Albert Einstein is perhaps the world’s most recognizable scientist, mostly being associated with his work in Germany and the United States. However, from about 1920 to 1946 he was an honorary professor at Leiden University, meaning he would visit a few times a year to give guest lectures.
Since he spent a good deal of time in the city, there are many Einstein related places in Leiden, such as his sink and autograph. Most impressive of all perhaps is the house in which he stayed, the so-called Ehrenfest House.
Paul Ehrenfest was one of the most distinguished physicists of his time, together with Ludvig Lorenz, William De Sitter, Arthur Eddington, and Einstein, they were at the forefront of the theory of relativity and eventually quantum revolution. Ehrenfest was a close friend of Einstein, and insisted he stayed at his house when visiting the city.
Einstein was not the only guest to be invited into this house, as this was the location of his famous “Colloquia Ehrenfesti,” a monthly lecture series that continues to this day at the university. These lectures allowed the house to garner a large collection of autographs from scientists that have spoken at the series. Fifteen of which are from Nobel prize winners. There is even a chalkboard inside that still has text written by Einstein himself.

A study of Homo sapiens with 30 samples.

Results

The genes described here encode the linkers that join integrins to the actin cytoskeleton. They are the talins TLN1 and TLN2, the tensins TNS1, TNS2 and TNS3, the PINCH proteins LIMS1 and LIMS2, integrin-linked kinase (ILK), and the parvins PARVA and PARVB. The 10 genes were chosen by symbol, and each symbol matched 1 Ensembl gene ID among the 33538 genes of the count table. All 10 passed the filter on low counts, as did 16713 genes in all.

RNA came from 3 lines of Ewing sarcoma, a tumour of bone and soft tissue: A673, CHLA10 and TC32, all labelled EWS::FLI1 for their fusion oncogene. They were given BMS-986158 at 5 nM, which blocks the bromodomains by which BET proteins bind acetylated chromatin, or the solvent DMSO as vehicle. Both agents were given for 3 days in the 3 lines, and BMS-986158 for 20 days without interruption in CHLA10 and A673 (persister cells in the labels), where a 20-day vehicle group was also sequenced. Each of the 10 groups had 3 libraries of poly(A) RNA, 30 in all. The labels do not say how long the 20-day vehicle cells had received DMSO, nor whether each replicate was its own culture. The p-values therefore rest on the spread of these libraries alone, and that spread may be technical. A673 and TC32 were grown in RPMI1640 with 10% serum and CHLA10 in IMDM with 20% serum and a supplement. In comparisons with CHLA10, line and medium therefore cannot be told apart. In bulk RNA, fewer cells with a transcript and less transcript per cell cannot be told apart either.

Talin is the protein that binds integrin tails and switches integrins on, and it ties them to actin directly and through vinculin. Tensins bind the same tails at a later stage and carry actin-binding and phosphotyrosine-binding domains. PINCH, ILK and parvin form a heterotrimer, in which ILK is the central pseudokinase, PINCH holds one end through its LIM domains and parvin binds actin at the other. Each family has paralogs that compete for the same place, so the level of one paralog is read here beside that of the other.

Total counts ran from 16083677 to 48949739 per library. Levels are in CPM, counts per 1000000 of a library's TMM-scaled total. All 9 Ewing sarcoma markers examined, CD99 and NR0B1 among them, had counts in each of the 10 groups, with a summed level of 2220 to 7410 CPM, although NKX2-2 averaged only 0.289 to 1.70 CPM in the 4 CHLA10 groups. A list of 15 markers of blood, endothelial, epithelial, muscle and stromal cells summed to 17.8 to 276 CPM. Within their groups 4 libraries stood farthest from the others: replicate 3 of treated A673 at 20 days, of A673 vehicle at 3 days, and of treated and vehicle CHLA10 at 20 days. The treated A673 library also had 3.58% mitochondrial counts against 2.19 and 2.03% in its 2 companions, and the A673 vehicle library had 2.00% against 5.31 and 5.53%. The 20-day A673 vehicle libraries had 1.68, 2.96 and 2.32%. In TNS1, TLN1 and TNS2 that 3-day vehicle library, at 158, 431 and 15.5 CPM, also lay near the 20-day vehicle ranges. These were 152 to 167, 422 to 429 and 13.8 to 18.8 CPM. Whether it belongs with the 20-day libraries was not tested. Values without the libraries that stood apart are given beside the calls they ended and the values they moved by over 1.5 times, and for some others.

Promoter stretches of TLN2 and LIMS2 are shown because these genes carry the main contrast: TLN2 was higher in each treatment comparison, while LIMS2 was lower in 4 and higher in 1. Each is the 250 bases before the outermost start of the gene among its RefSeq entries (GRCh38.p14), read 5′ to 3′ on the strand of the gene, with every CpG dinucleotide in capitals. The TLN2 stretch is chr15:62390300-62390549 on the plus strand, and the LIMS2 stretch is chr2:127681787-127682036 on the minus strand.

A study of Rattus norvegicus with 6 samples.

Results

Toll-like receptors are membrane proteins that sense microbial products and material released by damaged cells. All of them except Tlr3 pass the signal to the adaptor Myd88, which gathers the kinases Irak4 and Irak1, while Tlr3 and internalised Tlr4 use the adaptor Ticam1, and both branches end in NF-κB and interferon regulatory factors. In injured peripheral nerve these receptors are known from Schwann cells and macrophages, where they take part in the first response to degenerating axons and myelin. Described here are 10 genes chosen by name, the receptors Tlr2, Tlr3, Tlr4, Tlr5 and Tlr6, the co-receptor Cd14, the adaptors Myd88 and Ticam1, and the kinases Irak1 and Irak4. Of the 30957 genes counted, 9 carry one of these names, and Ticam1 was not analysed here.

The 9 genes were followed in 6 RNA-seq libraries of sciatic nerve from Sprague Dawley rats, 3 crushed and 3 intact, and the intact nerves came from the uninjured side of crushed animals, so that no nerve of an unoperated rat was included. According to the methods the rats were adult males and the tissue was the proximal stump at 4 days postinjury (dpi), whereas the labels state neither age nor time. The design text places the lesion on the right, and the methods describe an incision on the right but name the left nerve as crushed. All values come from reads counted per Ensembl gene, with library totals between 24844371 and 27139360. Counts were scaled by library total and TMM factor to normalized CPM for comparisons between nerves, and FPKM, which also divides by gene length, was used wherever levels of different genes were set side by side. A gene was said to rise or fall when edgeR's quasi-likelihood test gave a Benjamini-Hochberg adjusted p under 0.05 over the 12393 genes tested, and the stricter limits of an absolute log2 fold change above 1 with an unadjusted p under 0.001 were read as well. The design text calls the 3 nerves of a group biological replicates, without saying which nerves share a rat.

The house was constructed in 1914 based on a design penned by Ehrenfest’s wife. It remained in their family until the 1980s, after which it was sold to Dr. W. Kuyper, who decided to preserve the house in its original state. The Museum Boerhaave is very interested in buying the house as a satellite museum.
During the 1970s two plaques were installed at the house to commemorate Ehrenfest and his wife.
However, this story doesn’t end on a positive note. Einstein left Europe in 1933 after the Nazis came into power, permanently settling in the U.S.
Ehrenfest fell into a deep depression, so severe that Einstein asked the University of Leiden if they could reduce his workload. That same year, he killed his 15 year old son, who suffered from down syndrome, and then himself in Amsterdam’s Vondelpark.
Know Before You Go
This is a private residence and may difficult to access. Some people ring the bell and get let in, others get ignored. Feel free to try, but please respect the privacy of this residential house.